I keep an eye on the wood carved cowboy that surveys the Pacific Ocean from the F. McLintocks parking lot. The other day a man was refinishing it I and stopped to make a feature photo.
My first professional story was written about the carving and sold to a local magazine. In the days before personal computers, it was written on a typewriter. The magazine writing class I was enrolled in gave an automatic ‘A’ grade if a story was published. The professor just required that he get a copy of the writer’s original draft along with the clipping.
Aaaaugh, forgot to photocopy it.
When I went to collect the manuscript from the magazine editor he had thrown out the original.
In more ways than one.
Though the story published under my byline not a single sentence was recognizable.
I have no illusions about being a great writer but every sentence revised? Man that hurts, brother and sister scribes, I feel your pain.
At least the check cleared.
My friend Don, who had shot the photos, had a better experience. You could recognize his work when it was published.
In the days before spell check, I found the process of writing was torture. Photography felt much more natural. This was one of the formative learning experiences that pushed me down the road to Nikons and Kodak film rather than notebooks and Underwood typewriters.
My friend Don got married a few weeks back. Congratulations Don and Valerie!
And the magazine? It went out of business years ago.
Here is a Tom Fulks story from the then Telegram-Tribune Focus section from June 25, 1983. For the record, Tom’s story is better than either version of my stories.
He’s a rugged cowhand
Sculptors turn dead tree into eternal statue
His dark steely eyes stare out to sea, seemingly unimpressed that he has at last been set free.
This is a serious dude: a stern-faced, 22-foot tall cowhand who looks like he means business.
He’s not the type to brag about things, and hell would freeze over before he revealed the many secrets he has come to know over the years.
Had it not been for the careful strokes of a chainsaw-wielding wood sculptor — Eusebio Dalay, 66, of Monterey — this cowboy might never have been freed of the bark that covered him for so many years.
The Monterey Pine in which the cowboy was entombed was planted by rancher O.T. Buck on his pastoral Shell Beach site more than 80 years ago.
Later, the tree served to shade the front of a seaside gambling and pleasure saloon owned by the late Mattie Smyer, who, according to legend, purchased the ranch from Buck with earnings from a successful brothel she ran near the oilfields of Taft.
Smyer is reputed to have turned the Buck ranch into one of the most profitable brothels on the Central Coast during World War II.
The saloon was sold in 1973 to Bruce Breault and Tunny Ortali, who remodeled the structure and grounds and named it F. McLintock’s Saloon and Dining House.
While they are happy to discuss their thriving business and its steady growth, Ortali and Breault don’t like to talk too much about the saloon’s previous owner.
But they do tell people the pine was planted in the same month Mattie was born, and that it died of beetle infestation shortly after Mattie died several months ago.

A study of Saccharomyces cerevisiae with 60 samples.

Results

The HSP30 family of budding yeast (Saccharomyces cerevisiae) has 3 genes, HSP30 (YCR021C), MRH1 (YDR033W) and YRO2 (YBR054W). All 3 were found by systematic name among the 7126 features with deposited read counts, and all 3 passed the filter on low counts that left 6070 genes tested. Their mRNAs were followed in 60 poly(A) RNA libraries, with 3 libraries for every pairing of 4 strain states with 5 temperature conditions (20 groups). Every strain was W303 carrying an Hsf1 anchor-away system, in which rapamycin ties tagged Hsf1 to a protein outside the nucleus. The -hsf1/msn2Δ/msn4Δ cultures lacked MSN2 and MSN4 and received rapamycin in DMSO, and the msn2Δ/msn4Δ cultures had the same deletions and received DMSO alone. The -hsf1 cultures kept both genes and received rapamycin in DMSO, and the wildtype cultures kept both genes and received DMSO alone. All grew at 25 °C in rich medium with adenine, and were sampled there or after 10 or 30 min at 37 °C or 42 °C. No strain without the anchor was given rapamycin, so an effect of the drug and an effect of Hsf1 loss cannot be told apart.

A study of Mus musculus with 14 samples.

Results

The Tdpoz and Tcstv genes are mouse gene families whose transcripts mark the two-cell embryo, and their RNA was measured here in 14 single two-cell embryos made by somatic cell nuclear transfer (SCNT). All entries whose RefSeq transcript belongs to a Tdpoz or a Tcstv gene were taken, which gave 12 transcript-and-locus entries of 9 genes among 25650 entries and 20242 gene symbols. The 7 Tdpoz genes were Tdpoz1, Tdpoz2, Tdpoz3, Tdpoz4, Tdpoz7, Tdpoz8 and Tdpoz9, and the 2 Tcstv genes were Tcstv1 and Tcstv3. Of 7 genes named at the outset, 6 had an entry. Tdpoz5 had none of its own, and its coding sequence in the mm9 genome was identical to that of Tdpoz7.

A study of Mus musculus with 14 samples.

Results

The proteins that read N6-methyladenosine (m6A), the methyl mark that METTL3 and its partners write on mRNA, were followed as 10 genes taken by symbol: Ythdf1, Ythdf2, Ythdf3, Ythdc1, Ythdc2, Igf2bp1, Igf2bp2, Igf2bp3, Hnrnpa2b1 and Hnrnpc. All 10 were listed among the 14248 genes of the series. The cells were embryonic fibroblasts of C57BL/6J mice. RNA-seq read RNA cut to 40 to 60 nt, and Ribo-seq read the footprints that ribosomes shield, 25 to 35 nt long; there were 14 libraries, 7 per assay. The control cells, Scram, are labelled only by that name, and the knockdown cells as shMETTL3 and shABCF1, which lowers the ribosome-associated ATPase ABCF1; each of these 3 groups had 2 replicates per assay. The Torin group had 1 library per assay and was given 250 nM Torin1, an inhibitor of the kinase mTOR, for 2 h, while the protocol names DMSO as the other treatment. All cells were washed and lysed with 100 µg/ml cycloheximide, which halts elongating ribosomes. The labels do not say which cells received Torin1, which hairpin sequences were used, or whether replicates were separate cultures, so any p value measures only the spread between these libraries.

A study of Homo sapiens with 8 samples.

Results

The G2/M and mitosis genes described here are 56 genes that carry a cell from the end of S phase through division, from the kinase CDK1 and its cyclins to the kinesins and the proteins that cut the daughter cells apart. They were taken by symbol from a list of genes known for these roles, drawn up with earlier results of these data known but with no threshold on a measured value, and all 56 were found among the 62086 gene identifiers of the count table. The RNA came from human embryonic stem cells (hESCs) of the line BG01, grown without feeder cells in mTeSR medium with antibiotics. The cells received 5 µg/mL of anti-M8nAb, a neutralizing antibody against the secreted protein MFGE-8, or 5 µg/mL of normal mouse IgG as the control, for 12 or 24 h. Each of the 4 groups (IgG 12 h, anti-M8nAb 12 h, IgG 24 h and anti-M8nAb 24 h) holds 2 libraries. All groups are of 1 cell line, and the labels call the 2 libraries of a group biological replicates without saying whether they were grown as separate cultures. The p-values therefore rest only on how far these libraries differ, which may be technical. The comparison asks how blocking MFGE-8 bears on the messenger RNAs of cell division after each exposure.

Today, there stands the stoic cowhand, showered in light by powerful lamps at night, exposed to the sun and weather by day.
It juts straight up from the ground behind a white picket fence, next to American and California flags that welcome visitors.
Until it died, the tree — bedecked with shimmering lights and leafy limbs — stood as a landmark for the thousands of motorists who travelled U.S. 101.
Carved on the base of the sculpture for posterity are the words: “By Burlwood Ind. Inc., Eusebio Dalay, 6-16-83.
Dalay, a master woodcarver who left for the United States from the Philippines two years ago, knew how to make a portrait.
This coarsely-cut cowboy stands a little pigeon-toed with the slightly bowed legs of an experienced horseman.
The model for the wooden cowhand was taken from a large lamp that sits in the lobby of the restaurant. Being as authentic as possible, Dalay reproduced a spitting image of the statue.
The sullen-faced cowboy sands with his thumbs in his belt, rifle at his side, bandanna around his neck and bullets and six-gun slung low around his waist.
He also wears the traditional hat, vest, chaps, boots and bushy mustache, and stands on a saddle.
He faces the ocean with the determined expression of a contemplating cowpoke scanning the horizon.
Though Dalay was the master carver on the project, he received help from Burlwood president George Buck and vice president Joe Vallaire.
Dalay used several chainsaws to carve out the rough image of the sculpture, then broke out his chisels and hammers to do the detail work.
The Burlwood crew had to erect a scaffolding around the tree to carve it — an unusual twist for Dalay since he usually carves sculptures out of smaller pieces of wood.
When the sculpture was finished it was painted to preserve the wooden cowboy from rotting.
Though he may not be as graceful as the shady tree, the cowhand will no doubt continue to be an attraction as he stands silently watching over freeway travelers.
The cowboy is named after a friend of restaurant owners.